New York City mayoral candidate Eric Adams received the endorsement of Orthodox Jewish activists in Far Rockaway, who cited the candidate’s experience, record of being tough on crime and standing up to antisemitism, and support for resiliency projects in coastal areas.
Adams is “the right person to lead the city out of these difficult times as we look for a leader that is familiar with all of our struggles,” said Pesach Osina, a chair of the Far Rockaway Jewish Alliance, at an endorsement event Friday at the Beach 9th Street boardwalk.
The Alliance, which includes more than two dozen Far Rockaway community activists like Richard Altabe, Baruch Rothman, and Boruch Ber Bender, said it was supporting Adams — who currently serves as Brooklyn borough president and is a former state senator and NYPD captain — due to his record of friendship with Jewish communities and standing with them against antisemitism, as well his general position on crime-fighting, among the most conservative in that regard of all the Democratic candidates. The Jewish community in New York City has recently faced a wave of assaults by supporters of Palestinians, that began during the recent hostilities between Israel and Hamas.
“We’re endorsing Eric,” said Altabe, “because he has a proven track record in this city, a real record, and for his commitment to public safety and rooting out antisemitism wherever it rears its ugly head.”
Rothman told Hamodia the support for Adams is due to “his being tough on crime, having a long career of delivering for New York City, and because he has years of experience and will be able to hit the ground running on Day 1.”
The activists, who represent a coastal neighborhood impacted by Superstorm Sandy, also cited Adams’s resiliency projects for communities that remain vulnerable to flooding.
Adams said he was “thrilled to have this community on board,” and that “their support reflects the diversity and strength of our growing coalition.”
“I have worked to protect this city for more than three decades of my public life, and now we are witnessing a growing pandemic of hate in our city,” said the candidate. “And I will work harder than anyone to protect these communities as mayor.”
Adams has previously won endorsements from elected officials representing the area including state Sen. Joseph Addabo Jr., Assemblywoman Stacey Pheffer Amato and Councilwoman Selvena Brooks-Powers, who participated at Friday’s press conference as well.
Most polls have shown Adams at the top of the Democratic field for the June 22 primary, along with Andrew Yang, an entrepreneur and former presidential candidate who has never held public office. Yang and Adams also lead the way in endorsements by the Orthodox community: In addition to the Far Rockaway Jewish Alliance, Adams got the support of a coalition of Crown Heights activists on Tuesday, and has also been endorsed by The Jewish Press. Yang has endorsements of a coalition of activists from Chasidic groups in Boro Park and Williamsburg, as well as Assemblymen Daniel Rosenthal and Simcha Eichenstein, and Councilman Kalman Yeger. The only other mayoral candidate to receive an Orthodox endorsement in the race is city Comptroller Scott Stringer, who got the support of former Assemblyman Phil Goldfeder, whose district included Far Rockaway and other parts of southern Queens.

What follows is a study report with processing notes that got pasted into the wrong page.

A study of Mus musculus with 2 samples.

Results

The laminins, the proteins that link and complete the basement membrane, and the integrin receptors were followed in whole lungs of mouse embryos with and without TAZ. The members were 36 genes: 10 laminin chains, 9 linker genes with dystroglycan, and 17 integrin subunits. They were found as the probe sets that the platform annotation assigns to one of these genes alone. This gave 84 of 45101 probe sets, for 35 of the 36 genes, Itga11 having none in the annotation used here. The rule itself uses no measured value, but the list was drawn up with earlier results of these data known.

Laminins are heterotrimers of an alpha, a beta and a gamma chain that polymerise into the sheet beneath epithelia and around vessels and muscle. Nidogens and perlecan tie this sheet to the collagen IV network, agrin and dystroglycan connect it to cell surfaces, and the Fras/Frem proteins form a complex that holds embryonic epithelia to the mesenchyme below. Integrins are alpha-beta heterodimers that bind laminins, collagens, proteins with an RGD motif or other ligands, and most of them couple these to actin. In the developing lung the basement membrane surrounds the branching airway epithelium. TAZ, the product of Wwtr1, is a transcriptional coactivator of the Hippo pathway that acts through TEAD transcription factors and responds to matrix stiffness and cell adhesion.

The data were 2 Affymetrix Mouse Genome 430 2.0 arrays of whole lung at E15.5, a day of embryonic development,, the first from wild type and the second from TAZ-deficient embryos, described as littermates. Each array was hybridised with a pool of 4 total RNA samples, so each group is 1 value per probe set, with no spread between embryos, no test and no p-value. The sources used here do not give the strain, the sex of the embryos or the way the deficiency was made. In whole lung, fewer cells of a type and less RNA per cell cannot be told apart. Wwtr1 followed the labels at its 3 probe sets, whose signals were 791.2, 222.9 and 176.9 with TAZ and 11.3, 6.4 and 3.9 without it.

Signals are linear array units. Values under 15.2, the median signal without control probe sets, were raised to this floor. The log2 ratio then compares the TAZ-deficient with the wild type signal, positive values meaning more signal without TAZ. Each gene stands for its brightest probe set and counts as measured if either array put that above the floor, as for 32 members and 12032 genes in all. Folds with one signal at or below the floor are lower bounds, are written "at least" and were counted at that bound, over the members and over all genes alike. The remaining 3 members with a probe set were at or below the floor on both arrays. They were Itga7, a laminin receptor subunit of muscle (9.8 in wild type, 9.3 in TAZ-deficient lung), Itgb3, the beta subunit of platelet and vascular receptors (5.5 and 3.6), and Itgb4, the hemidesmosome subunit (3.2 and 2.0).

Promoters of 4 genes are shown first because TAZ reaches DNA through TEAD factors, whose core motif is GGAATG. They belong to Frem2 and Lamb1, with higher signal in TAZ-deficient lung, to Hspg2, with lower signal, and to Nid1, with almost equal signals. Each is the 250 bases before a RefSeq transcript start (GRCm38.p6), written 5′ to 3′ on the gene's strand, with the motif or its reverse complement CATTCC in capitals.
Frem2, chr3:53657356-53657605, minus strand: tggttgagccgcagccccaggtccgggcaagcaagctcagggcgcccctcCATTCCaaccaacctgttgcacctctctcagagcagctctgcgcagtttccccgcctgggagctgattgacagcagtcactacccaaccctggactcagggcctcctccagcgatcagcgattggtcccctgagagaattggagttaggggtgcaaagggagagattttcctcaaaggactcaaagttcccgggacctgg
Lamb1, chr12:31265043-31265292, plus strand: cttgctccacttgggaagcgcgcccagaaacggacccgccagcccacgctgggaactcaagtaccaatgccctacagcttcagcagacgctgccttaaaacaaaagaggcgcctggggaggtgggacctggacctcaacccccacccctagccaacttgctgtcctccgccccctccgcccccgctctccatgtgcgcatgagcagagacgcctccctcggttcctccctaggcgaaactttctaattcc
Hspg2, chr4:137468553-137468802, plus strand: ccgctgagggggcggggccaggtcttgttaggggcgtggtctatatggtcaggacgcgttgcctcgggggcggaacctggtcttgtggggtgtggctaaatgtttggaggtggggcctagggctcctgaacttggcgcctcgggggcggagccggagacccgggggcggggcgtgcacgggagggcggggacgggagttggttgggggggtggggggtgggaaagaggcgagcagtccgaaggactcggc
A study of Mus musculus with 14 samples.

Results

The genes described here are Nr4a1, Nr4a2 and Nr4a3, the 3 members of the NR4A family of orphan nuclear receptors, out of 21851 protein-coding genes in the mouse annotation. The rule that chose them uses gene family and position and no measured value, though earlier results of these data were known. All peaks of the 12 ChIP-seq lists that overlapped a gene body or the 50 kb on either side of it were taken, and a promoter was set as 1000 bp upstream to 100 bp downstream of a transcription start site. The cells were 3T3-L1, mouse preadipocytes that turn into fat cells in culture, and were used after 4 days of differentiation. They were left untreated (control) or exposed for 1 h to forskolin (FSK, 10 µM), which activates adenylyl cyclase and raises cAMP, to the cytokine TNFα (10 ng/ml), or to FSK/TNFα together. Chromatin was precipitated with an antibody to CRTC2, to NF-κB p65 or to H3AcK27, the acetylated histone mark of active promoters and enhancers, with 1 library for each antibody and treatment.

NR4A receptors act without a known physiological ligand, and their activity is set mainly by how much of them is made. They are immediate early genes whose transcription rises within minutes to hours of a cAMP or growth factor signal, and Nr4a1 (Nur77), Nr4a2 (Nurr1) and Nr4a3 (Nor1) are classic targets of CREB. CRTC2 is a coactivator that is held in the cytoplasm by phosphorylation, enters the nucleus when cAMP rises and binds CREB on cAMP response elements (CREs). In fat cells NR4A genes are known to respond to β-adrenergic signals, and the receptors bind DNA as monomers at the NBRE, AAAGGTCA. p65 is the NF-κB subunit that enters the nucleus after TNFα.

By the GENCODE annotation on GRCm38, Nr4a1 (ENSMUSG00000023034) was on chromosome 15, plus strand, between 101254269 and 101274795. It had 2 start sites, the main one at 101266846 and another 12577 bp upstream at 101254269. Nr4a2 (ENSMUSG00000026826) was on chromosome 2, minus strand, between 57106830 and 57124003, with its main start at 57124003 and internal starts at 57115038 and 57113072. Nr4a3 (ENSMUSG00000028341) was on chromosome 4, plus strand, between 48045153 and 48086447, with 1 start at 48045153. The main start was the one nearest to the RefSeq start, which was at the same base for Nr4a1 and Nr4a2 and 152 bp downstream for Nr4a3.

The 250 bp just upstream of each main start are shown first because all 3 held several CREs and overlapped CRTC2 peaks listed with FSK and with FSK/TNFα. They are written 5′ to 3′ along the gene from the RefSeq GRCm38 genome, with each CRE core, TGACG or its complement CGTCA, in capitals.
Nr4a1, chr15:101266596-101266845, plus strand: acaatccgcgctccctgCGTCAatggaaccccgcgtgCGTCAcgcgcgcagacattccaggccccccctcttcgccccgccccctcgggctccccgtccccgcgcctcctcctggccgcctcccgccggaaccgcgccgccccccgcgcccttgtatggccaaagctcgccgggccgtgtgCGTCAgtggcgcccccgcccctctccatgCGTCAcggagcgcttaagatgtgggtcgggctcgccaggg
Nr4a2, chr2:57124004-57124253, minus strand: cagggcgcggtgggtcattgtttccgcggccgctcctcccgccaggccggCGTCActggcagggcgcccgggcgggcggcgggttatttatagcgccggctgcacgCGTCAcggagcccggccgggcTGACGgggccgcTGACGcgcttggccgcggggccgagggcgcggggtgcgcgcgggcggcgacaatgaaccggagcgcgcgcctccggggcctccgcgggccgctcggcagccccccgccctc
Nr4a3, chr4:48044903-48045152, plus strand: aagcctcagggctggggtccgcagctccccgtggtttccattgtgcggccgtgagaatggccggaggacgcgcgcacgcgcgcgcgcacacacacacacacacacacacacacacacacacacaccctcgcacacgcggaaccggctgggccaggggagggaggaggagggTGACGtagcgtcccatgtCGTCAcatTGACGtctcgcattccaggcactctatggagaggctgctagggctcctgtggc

An important endorsement still to be handed out is that of the Flatbush Jewish Community Coalition (FJCC). A source familiar with the matter told Hamodia that the group has narrowed the field to three candidates: Adams, Yang and former Sanitation Commissioner Kathryn Garcia. Garcia had been near the bottom of the polls until recent endorsements by The New York Times and Daily News boosted her candidacy. One recent poll, by Emerson College and PIX11 News, showed her leading the field for the first time.
In this first mayoral election to use ranked-choice voting, some endorsements have included more than one candidate. The Williamsburg Chassidic activists who endorsed Yang as their first choice, also supported Adams for the second spot on the ballot and Stringer third.
The Far Rockaway Jewish Alliance on Friday only endorsed Adams for first place, but sources told Hamodia that it in the coming days it will likely endorse Yang second, and either Garcia or former Citigroup executive Ray McGuire third.
On voters’ actual ballots, they may rank up to five candidates in order of preference. If one candidate receives more than 50% of first place votes, he or she is the winner. If no candidates receive more than 50% of first place votes, counting continues in rounds: in each round, the candidate with the fewest votes is eliminated. Once a voter’s top-ranked candidate is eliminated, that voter’s vote then goes to the next-highest-ranked candidate on the voter’s ballot. The process continues until there are only two candidates left, and the candidate with the most votes wins.